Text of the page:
It's been a long time since I've posted, and I guess it's time to take stock of where we are with all the doggy craziness. I really didn't think, back on June 13 when we met Roxie's new puppies, that we'd still be trying to sort things out at the New Year.
Roxie is still outside, most often with Haku - but she seems to want to be with us now, even when he wanders off. We moved our dogloo into the carport so that we could be sure she could stay warm enough, and she took to it right away. John brought her in the house once to meet Sally - and it was a tense and scary meeting, but didn't result in violence. Roxie backed off and asked to go outside, Sally was happy to see her go. I wish we could just bring Roxie into the pack, but it's clear that would be bad for Sally. And, of course, there's no guarantee that Roxie'd decide to stay.
Dash and Dot are well integrated into the dog pack, and have lots of fun running around with Zero, Gator and Sally. Sally lays down the law for them, and they respect her - so that seems to be just fine with everyone.
But Dash and Dot are not well integrated into the person pack. And we're having a really tough time trying to understand what to do for them. Both are on amitriptyline, Dot is also continuing with the doggy prozac. It's not clear whether or not those medicines are making any difference for them.
And of course we've been working with Vanya and Ben, the behaviorists. But things have not gone according to plan. Some of the assignments we've been given we haven't been able to follow through on, as D & D find new and creative ways to be non-cooperative. And the assignment we should be working on now, we've decided we just aren't willing to do. So, I need to confer with Vanya and come up with some kind of plan B.
The basic problem is that D & D aren't progressing fast enough in terms of letting us handle them. Vanya & Ben advocated techniques that involve putting additional pressure on the dogs - rather than the slower strategy of rewarding desirable behavior and ignoring undesirable stuff. So we had the lesson in which we leashed the pups, dragged them downstairs and then rewarded them as they began to calm down again after freaking out. D&D's reaction? Refuse to come back into the house.
Vanya's response? Have them wear leashes all the time (thus making them catchable by us). D&D's reaction - eat the leashes. Our next move, provided by Vanya? Get leashes made of chain so that they can't eat them. Haven't done that yet - and am having a hard time getting over the sense of doom I have about having dogs dragging chains around with them all day in the yard. It doesn't seem safe to me. So.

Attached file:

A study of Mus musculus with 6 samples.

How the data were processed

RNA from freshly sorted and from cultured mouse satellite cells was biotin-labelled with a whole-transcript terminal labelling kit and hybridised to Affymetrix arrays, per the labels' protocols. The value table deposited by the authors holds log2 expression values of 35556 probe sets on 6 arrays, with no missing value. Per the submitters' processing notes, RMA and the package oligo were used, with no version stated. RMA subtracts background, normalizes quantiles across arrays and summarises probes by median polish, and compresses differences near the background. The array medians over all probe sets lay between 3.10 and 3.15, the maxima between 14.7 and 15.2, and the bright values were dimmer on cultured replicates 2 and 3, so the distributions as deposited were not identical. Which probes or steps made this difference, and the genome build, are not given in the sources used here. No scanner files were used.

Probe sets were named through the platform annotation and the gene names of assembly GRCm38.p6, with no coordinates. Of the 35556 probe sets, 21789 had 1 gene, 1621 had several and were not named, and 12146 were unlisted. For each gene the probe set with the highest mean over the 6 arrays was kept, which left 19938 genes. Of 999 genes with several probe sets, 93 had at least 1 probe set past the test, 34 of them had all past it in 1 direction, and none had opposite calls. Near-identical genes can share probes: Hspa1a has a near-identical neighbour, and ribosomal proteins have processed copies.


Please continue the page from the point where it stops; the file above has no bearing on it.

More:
In the interim - we have been cajolling/tricking/luring D&D into the house so that we can close the door behind them, with decreasing success. When we could get them trapped, they would freak out. We were putting the leashes on them, thus freaking them out more, then trying to give them lots of treats and praise when they calmed down. Oh, and having them eat their food either out of our hands or else in their crates.
The food part has been consistent, and they're happy to eat their food either in the crate (provided nobody's lurking behind them in position to possibly shut the door of the crate on them) or from our hands. If we can get leashes on them, they're even walking with us pretty well on the leashes. It's just that they're so weirded out by being caught in the house, that we mostly don't get the chance to do anything with them other than give them handfulls of kibble.
What we're supposed to do now is (somehow) shove them into their crates and close the door; then go to a phase where they're always either in their crates or else on leashes with us. But we're convinced that the result of trying this will be:
(1) We will have to forcibly push them into their crates, which means will have to muzzle them, or else we could certainly get it - they're really frightened of getting shut up like that.
(2) Then they will either (a) destroy the crate by freaking out or (b) become completely petrified of it and refuse to ever go into it of their own accord.
So, I think that trying to follow this advice right now will just succeed in creating yet another phobia in them; crate-o-phobia. And either us or them getting hurt.
But it's not as though I have a good alternative. John came up with the idea of taking them out for a walk to the park whenever they get leashed. That way they'd always have something really good to associate with the leash. I think this is a great idea - but we haven't been able to get them into the house to test it since he came up with it.
So, I'm dreading talking to Vanya about this, and feel like we're kinda just stuck for the time being. D & D are so sweet and charming when we're not trying to do things to them - they come up to us quite willingly, they even give us kisses. But the minute we reach out to touch them or catch them to do anything, they're gone. And if I put them on chain leashes and collars (they eat the nylon ones off too, so that's another problem) all the time, I'm going to live in fear of someone accidentally getting hung up while we're at work.
And I'm not OK with the Roxie situation either. I want her to be safely in someone's home and yard - I don't want her to be out where bad things can happen to her. She seems content with it, and I don't have any way to get her to safety anyhow. So I'm still trying to ride the wave and accept that I don't have control over these things. Ugh.